RIM co-CEOs face record $100 million penalty over improper stock options backdating

“The Ontario Securities Commission is seeking a record penalty – one that could be as high as $100-million – from the top two executives of Research In Motion Ltd. to pay for their role in a stock option accounting controversy dating back to 1996,” Jacquie McNish, Janet McFarland, and Paul Waldie report for The Globe and Mail.

“According to people familiar with settlement discussions, the OSC’s staff is in advanced discussions with lawyers representing RIM’s co-chief executive officers, Jim Balsillie and Mike Lazaridis. The OSC’s investigation began in 2006 and sources said the regulator began negotiating a potential settlement last fall,” McNish, JMcFarland, and Waldie report. “It is understood that the OSC has pushed for Mr. Balsillie to pay the bulk of any penalty and relinquish his seat on RIM’s board of directors for a period of time. Although one person familiar with the talks said the parties are nearing a potential agreement, nothing has been finalized, including how much each executive may have to pay.”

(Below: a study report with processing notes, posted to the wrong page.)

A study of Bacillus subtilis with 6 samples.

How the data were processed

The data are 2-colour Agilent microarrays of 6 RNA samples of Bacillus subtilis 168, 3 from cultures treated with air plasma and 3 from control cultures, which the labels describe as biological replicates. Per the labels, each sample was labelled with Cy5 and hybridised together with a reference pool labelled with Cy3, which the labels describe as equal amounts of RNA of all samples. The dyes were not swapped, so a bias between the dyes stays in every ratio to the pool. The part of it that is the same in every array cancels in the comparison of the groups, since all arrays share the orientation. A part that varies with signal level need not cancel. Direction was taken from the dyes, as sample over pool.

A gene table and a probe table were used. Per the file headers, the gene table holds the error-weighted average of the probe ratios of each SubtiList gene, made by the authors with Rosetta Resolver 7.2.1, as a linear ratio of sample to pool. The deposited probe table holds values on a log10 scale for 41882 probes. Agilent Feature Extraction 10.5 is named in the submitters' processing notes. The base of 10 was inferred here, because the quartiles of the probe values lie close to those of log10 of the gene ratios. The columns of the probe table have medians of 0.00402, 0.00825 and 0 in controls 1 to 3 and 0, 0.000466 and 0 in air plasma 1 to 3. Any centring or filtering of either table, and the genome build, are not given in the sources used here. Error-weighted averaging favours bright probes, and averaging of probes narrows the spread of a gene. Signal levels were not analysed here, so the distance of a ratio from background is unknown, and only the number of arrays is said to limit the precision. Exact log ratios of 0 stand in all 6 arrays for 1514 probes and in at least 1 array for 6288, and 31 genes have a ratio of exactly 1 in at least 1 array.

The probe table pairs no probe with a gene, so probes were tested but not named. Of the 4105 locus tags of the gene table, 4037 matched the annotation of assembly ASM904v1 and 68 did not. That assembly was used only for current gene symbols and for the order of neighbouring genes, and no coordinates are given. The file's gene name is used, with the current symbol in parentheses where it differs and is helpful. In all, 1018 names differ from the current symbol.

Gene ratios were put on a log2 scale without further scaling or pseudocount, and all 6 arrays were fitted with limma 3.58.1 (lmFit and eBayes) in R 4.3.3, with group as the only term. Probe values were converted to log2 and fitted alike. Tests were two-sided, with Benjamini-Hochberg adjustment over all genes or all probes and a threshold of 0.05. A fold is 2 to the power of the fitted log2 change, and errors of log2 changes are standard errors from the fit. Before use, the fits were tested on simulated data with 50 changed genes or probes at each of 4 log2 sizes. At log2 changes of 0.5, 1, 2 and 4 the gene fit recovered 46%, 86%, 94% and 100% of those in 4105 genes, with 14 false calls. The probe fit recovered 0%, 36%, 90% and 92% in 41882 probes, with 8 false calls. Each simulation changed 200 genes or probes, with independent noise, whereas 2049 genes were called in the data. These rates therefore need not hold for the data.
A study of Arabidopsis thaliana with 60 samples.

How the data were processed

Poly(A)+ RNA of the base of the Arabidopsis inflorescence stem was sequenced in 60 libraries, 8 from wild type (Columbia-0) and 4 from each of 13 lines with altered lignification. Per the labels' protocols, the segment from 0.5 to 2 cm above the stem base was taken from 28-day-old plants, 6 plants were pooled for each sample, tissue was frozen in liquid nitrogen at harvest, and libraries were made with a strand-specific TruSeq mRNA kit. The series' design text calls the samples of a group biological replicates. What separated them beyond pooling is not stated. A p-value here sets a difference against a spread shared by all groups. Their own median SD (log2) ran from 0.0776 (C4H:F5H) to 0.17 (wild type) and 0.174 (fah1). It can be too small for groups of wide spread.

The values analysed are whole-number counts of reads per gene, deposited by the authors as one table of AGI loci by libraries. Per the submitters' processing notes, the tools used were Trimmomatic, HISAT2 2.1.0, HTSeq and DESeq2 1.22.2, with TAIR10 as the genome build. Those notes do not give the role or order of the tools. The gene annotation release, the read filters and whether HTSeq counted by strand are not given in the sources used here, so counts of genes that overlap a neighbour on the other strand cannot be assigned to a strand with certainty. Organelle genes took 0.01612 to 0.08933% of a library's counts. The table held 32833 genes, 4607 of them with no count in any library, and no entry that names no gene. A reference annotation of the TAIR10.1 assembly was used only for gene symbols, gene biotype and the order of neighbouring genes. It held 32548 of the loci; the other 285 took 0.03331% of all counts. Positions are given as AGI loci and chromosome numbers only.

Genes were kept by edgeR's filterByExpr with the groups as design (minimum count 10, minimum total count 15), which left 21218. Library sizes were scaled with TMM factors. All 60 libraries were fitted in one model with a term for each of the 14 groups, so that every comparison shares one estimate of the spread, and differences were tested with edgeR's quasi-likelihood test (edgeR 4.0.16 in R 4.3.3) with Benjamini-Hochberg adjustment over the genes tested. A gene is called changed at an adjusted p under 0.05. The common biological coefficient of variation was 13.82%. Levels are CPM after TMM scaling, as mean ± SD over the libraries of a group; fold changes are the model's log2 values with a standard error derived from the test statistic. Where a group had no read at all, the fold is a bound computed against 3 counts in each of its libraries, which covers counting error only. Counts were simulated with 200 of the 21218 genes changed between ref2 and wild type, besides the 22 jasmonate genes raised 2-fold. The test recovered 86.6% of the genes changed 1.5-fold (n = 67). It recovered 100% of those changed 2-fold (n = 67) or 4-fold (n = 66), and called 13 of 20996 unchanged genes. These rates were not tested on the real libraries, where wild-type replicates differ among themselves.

“In 2007, a special committee of RIM’s board investigated the back-dating issue, and determined the company had backdated more than 40 per cent of stock options granted to employees since 1996. It also concluded that 12 of the 16 option grants made to Mr. Balsillie and Mr. Lazaridis between 1996 and 2006, to acquire a total of two million shares, were priced using an incorrect date,” McNish, McFarland, and Waldie report.

“At the time the special committee report was released, RIM said all employees and executives agreed to repay any benefit they received from options that were incorrectly priced. Mr. Balsillie and Mr. Lazaridis additionally agreed to pay $5-million (Canadian) each to defray the company’s costs of its investigation and financial restatement,” McNish, McFarland, and Waldie report. “The two men later agreed to pay an additional $2.5-million (Canadian) each to the company to compensate it for its investigation costs as part of a settlement RIM reached in a class-action lawsuit brought by Canadian shareholders over the option backdating.”

Full article here.

MacDailyNews Take: They really need to get a third CEO at RIM, so they can be proper stooges.